Published:Wednesday | March 14, 2012 | 12:00 AM
Kent LaCroix, chairman of the Automobile Dealers Association of Jamaica. - File

Marcella Scarlett, Business Reporter

The Automobile Dealers Association (ADA) has singled out five of 145 recommendations by the Private Sector Working Group (PSWG) on tax reform that impact business done by auto traders, but has only fully endorsed one - the cutting of the corporate income tax rate.

The ADA is for reducing the corporate tax rate from the current 33 per cent to the proposed 15 per cent, but is against increasing licensing fees for vehicles older than seven years or larger than 2.0 litres; and has counterproposed that the threshold for annual tax write-offs for vehicles be set at US$65,000 instead of the US$35,000 proposed by PSWG.

The group also said it is totally against the proposal to increase special consumption tax on motor vehicle with engines bigger than 2.0 litres, and the current waivers and concessions allowed for new car dealers be protected.

At the same time, the ADA is proposing additional taxes on second-hand vehicles that would make it more expensive for individuals to transact business on their own behalf, and that the age limit of used imports be lowered.

The PSWG suggested that the SCT be increased "at a rate sufficient to maintain the current aggregate import duty structure". It would have helped to offset the cost of the group's other proposed reductions of the standard rate of GCT from 17.5 per cent to 12.5 per cent, and the removal of customs user fees (2.5 per cent of CIF value) and environmental levy (0.5 per cent of CIF value).

"The work already done to reform motor vehicle tax has provided proof that reducing taxes on motor vehicles stimulates demand and increases revenue. The reduction in retail prices drove consumers to choose newer cars improving the fuel efficiency of the national fleet," the ADA said in its response to PSWG.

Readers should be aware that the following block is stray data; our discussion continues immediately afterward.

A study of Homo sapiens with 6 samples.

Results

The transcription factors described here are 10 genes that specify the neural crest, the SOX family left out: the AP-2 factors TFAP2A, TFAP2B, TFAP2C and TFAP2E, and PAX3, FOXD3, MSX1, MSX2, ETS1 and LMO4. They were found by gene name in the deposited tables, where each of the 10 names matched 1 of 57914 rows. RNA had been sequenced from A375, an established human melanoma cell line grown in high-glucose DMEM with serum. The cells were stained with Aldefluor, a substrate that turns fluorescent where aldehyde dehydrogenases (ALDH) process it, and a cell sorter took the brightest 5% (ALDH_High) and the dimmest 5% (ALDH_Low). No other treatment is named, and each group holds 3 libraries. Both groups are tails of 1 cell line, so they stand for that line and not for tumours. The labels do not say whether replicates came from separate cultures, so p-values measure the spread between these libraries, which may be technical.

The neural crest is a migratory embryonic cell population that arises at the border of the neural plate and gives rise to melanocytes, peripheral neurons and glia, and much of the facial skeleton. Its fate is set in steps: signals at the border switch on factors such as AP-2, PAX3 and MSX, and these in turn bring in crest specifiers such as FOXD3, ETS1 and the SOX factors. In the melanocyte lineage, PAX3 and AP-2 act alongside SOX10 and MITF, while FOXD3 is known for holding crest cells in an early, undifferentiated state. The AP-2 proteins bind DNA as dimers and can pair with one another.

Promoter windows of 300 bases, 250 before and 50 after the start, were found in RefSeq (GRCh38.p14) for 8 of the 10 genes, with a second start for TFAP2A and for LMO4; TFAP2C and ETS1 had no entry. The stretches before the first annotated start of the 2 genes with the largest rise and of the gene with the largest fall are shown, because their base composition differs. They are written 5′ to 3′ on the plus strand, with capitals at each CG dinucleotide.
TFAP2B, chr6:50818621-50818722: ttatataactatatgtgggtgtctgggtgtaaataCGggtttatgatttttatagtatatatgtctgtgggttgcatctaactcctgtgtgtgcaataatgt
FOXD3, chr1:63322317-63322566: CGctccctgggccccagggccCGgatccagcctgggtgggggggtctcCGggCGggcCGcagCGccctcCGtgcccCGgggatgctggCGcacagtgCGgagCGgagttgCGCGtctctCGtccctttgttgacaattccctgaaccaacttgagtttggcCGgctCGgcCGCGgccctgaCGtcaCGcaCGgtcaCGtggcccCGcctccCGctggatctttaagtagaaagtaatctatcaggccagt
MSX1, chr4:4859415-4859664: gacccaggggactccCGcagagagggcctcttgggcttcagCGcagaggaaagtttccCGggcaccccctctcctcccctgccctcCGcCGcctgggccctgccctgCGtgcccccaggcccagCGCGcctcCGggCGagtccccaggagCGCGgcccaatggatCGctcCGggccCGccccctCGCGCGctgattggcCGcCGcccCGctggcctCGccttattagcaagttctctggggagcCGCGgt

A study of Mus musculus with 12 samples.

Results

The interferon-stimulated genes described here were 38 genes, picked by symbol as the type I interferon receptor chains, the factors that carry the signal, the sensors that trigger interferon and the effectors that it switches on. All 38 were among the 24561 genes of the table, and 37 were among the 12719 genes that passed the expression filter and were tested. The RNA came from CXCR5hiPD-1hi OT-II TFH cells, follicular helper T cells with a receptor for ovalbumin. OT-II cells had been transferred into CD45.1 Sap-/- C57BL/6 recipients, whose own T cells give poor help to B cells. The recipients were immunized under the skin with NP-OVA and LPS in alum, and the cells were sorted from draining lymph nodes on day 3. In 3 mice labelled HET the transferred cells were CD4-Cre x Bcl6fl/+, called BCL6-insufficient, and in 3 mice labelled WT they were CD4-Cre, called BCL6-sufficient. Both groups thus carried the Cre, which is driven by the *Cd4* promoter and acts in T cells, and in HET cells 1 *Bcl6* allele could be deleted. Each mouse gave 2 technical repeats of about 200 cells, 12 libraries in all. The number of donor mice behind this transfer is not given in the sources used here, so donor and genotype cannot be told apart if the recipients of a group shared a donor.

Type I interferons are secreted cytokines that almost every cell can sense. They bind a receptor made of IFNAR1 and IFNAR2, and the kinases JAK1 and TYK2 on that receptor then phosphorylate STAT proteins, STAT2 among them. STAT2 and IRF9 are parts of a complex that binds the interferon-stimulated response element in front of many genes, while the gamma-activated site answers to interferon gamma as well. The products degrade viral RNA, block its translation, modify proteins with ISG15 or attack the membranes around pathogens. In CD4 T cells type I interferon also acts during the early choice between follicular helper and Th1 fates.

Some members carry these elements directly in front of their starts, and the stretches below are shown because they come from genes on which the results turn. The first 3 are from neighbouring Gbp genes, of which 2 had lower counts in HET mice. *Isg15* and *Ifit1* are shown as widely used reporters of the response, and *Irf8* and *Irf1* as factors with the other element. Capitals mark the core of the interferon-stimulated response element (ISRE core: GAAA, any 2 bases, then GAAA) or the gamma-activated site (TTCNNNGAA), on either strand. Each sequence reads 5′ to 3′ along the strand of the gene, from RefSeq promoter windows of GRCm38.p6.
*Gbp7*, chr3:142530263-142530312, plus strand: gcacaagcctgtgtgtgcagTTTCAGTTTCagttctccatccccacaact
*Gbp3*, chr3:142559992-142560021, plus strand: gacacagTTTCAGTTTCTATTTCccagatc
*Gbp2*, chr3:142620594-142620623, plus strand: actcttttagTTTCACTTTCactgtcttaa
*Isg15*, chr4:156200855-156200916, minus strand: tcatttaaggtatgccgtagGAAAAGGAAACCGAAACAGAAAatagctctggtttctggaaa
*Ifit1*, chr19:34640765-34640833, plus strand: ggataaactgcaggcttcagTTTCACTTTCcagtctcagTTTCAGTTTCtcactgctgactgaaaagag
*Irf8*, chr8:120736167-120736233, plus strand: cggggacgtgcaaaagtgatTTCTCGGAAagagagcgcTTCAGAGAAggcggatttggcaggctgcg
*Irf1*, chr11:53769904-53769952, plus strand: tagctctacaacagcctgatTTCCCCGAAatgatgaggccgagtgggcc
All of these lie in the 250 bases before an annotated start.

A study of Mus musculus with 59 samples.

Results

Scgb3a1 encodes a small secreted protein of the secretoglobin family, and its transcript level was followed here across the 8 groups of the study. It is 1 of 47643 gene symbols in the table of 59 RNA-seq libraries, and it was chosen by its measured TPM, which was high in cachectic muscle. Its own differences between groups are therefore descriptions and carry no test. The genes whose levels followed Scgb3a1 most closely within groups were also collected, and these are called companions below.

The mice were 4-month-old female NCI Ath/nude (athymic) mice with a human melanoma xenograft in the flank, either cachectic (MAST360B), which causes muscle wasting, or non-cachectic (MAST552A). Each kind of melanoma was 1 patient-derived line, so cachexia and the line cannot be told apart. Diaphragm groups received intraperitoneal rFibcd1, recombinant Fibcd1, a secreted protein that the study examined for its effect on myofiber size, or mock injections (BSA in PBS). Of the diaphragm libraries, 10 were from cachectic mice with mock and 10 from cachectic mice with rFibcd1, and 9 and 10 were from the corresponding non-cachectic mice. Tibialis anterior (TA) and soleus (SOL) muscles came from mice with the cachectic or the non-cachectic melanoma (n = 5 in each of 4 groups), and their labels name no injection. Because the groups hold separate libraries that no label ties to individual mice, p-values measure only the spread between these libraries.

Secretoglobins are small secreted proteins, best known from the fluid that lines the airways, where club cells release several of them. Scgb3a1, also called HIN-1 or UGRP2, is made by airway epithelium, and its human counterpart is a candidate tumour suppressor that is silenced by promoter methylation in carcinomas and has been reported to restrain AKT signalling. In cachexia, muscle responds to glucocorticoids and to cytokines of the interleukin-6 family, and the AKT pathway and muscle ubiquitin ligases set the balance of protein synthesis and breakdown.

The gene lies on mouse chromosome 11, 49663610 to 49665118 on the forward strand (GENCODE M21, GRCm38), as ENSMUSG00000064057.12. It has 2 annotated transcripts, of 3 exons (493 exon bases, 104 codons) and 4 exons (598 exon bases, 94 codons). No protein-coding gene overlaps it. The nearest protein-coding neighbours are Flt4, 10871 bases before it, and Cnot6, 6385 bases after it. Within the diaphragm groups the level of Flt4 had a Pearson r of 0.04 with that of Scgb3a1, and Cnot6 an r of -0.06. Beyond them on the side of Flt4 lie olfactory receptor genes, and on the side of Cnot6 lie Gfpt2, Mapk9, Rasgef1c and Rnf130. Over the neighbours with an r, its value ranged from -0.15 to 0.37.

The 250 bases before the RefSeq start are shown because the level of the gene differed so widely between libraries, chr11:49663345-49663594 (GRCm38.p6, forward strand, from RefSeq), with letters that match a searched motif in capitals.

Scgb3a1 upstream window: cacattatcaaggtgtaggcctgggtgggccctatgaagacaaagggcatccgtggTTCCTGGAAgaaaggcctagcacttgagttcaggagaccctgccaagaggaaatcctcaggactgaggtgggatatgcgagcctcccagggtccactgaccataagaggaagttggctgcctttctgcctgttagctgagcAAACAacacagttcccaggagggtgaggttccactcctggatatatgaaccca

However, while arguing that the SCT should remain unchanged for car dealers, the ADA is suggesting that the SCT should be increased by five per cent for vehicles imported by individuals "to increase the tax gap between dealer imports and individual imports to further create the environment for tax compliance".

Could impact revenue

The association argued that the SCT should remain unchanged for dealers as vehicles with engine size of more than 2.0 litres made the most significant contribution to tax revenues last year, of which they sold 809 of the 1,422 vehicles imported in 2011.

"The revenue increase attributed to the vehicles with engines greater than 2.0 litres was J$441m compared to a total increase of J$454m. Without the revenue performance of these vehicle types, the revenue gains would not have been realised," the ADA said.

The working group also proposed that there be a "discontinuance of discretionary ministerial waivers - with limited exceptions" on motor-vehicle imports.

The ADA said this would significantly affect its membership given that they obtain 50 per cent of their sales from tax concessions "of one kind or another in 2011". The association believes that the concessions that are to be regularised as part of the tax policy need to be defined first before removal of waivers can be discussed.

The ADA agreed with the PSWG to reduce the corporate income tax rate. They also agree, with conditions, to an increase in motor-vehicle licensing fees, as well as an increase in maximum allowable tax write-off available in respect of motor car purchases.

Meantime, it its own suggestions for reforms, the group is lobbying for the implementation of GCT for second-hand vehicles, which it said could realise an estimated J$100 million in tax revenue, after assuming an average margin of J$80,000 and GCT at 12.5 per cent.

The ADA is also suggesting that the government reverse the changes to the policy on the age of used-car imports. The old policy restricted the age of imports to three years; the new policy allows for five-year-old vehicles.

The new car dealers want a reimpostion of the three-year limit, and that light commercial vehicles be restricted to four years, down from the current six-year-old limit.

The Jamaica Used Car Dealers Association says it "strongly disagree with this recommendation", saying that the current policy allows people to now get good cars at affordable prices.

The used car dealers said they will be meeting soon to finalise their positions and thereafter make their own tax-reform recommendations.

ADA representatives chose not to comment for this story, saying their position paper was self-explanatory.